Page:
In recent times, Christmas-themed horror comedies shook up the holiday season with films about evil Santas and the Krampus. Magnus Martens‘ There’s Something in the Barn dares to do something different, though, moving away to focus on creatures from Nordic folklore. In this story, the biggest threat proves to be barn elves. Yes, barn elves. Underestimate them at your own peril, because these elves share more in common with Gremlins than Harry Potter‘s Dobby.
There’s Something in the Barn begins in unintimidating fashion. A family moves from the United States to Norway as they inherit a home in the mountains. On the property lies a cosy and sizable barn that wouldn’t look out of place in Smallville. For Bill (Martin Starr) and his wife Carol (Amrita Acharia), the end goal is to turn the property into an Airbnb; however, there’s a snag in the plan when Bill’s son Lucas (Townes Bunner) discovers an elf (Kiran Shah) lives in the barn.
Lucas also meets a local, who tells him about the legend of the barn elf and their demeanour depends on how they are treated. Lucas tries to follow the three rules (no artificial lights, no loud noises, and no changes to the elves’ home), but Bill doesn’t believe or listen to his son about something in the bard (like the film’s title!). As a result, they suffer the revenge of the elves.
Breaking the rules
Aleksander Kirkwood Brown’s screenplay takes inspiration from Gremlins in the way it sets up the rules of the movie in an easy-to-understand way for the viewer. As long as the characters don’t do anything to disrupt the elves’ way of life, they should be fine and live in harmony. Right? Alas, everyone knows human nature is to press the button that says, “Don’t touch,” so it’s only a matter of time until everything spirals out of control and the catastrophic events kick off.
Martens also brings a touch of director Joe Dante’s approach to There’s Something in the Barn. The reason the film works so well is because of the established rules and the fact everyone in the movie is on the same page about how to treat the material. This isn’t meant to be taken too seriously or even be seen as a scary movie; instead, it’s light-hearted entertainment that sees an elf army go on a rampage against Bill and the family. The third act turns bloody, but it’s done in a playful rather than gross manner – set in the beautiful backdrop of the wintery wonderland of Norway.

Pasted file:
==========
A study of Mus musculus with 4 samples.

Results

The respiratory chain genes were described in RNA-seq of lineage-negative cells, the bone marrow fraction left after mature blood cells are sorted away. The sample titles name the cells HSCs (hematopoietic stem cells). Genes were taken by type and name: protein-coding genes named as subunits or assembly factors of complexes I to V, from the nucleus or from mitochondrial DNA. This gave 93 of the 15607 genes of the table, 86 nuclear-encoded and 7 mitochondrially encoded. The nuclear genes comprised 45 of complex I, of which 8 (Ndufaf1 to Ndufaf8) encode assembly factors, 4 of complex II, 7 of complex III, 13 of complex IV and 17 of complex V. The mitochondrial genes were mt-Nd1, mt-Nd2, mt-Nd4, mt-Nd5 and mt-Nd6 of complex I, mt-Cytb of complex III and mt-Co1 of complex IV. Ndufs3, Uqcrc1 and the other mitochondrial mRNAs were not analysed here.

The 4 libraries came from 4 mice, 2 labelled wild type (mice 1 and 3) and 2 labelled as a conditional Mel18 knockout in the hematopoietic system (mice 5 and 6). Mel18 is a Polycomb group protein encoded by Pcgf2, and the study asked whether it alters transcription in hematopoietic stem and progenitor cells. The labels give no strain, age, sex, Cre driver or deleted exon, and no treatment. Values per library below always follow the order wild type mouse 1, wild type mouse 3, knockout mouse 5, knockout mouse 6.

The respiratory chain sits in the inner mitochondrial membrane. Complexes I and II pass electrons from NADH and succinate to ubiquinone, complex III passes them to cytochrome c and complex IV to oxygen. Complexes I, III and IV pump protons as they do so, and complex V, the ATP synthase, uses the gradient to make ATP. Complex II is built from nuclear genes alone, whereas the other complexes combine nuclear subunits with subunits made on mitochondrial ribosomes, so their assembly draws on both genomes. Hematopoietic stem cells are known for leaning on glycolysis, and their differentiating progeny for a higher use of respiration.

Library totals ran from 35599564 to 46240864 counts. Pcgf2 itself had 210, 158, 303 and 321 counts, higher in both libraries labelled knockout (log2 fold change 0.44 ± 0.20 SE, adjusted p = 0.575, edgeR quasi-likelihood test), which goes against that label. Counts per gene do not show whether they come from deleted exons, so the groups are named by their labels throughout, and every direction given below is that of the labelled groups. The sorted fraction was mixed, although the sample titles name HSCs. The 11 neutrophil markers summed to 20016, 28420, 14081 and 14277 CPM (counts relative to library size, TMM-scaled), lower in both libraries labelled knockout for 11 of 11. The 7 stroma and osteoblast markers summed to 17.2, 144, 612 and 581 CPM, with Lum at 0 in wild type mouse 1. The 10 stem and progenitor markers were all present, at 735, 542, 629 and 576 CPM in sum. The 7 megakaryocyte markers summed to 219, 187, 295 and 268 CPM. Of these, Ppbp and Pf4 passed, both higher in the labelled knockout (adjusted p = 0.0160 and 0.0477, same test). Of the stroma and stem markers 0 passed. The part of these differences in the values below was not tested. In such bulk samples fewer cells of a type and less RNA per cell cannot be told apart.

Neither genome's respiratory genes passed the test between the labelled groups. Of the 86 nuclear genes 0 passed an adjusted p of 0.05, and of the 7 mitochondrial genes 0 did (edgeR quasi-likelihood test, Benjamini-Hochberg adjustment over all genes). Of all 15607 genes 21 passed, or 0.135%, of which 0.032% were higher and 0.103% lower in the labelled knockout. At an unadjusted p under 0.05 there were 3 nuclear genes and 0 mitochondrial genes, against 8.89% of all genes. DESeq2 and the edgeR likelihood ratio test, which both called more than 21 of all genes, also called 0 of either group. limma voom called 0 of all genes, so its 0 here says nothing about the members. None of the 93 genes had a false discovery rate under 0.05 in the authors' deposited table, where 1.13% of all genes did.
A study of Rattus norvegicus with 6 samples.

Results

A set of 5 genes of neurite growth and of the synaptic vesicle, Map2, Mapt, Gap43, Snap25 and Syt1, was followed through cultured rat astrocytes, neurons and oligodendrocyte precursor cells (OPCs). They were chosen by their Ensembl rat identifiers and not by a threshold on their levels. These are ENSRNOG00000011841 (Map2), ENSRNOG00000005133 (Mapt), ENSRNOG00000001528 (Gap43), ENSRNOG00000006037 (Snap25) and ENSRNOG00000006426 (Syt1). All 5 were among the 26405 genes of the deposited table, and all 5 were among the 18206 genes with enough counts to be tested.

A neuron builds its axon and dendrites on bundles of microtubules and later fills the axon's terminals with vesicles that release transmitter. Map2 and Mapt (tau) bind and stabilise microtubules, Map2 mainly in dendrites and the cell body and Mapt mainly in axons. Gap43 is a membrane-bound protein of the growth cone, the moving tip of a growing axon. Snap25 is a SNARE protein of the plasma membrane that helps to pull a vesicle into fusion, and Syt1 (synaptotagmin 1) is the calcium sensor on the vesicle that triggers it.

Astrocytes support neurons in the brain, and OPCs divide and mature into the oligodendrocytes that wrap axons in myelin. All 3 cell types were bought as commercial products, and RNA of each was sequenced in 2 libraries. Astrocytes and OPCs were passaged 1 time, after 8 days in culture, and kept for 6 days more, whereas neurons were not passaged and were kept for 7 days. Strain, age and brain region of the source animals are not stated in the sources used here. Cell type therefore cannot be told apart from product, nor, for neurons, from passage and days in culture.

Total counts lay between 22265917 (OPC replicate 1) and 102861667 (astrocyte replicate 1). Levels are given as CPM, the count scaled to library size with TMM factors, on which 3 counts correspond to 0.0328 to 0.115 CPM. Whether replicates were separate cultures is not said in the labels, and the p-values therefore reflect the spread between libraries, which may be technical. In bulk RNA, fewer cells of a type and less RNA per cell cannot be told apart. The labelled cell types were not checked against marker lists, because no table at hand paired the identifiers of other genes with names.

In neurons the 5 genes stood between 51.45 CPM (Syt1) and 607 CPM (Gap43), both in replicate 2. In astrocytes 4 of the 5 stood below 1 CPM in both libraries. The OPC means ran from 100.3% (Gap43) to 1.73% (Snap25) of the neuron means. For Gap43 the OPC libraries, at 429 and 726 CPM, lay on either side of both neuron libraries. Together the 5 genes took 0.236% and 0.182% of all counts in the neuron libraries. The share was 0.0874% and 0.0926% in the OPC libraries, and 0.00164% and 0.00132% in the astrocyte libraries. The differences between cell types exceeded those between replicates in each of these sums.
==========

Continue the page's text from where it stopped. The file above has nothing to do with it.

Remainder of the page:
No elves on the shelf here
At just under 100 minutes, There’s Something in the Barn doesn’t outstay its welcome either. As soon as the rules are established, the narrative sprints to the conflict, spending a reasonable amount of time seeing the elves’ war against the family. While the revenge sequences carry hilarity, the film holds a surprising amount of heart too. Bunner’s Lucas and Shah’s elf build up a genuine friendship, but their relationship gets tested by everyone else who can’t get along. Their heartfelt moments strengthen the believability of an outrageous story, as they become the standout performers here.
Coupled with the right dose of hilarity, heart, and holiday spirit, There’s Something in the Barn easily slots into the must-watch list for the festive season. Who knew a horror comedy about angry barn elves could become one of the most entertaining films of the year?
There’s Something in the Barn will be available digitally from December 1, 2023.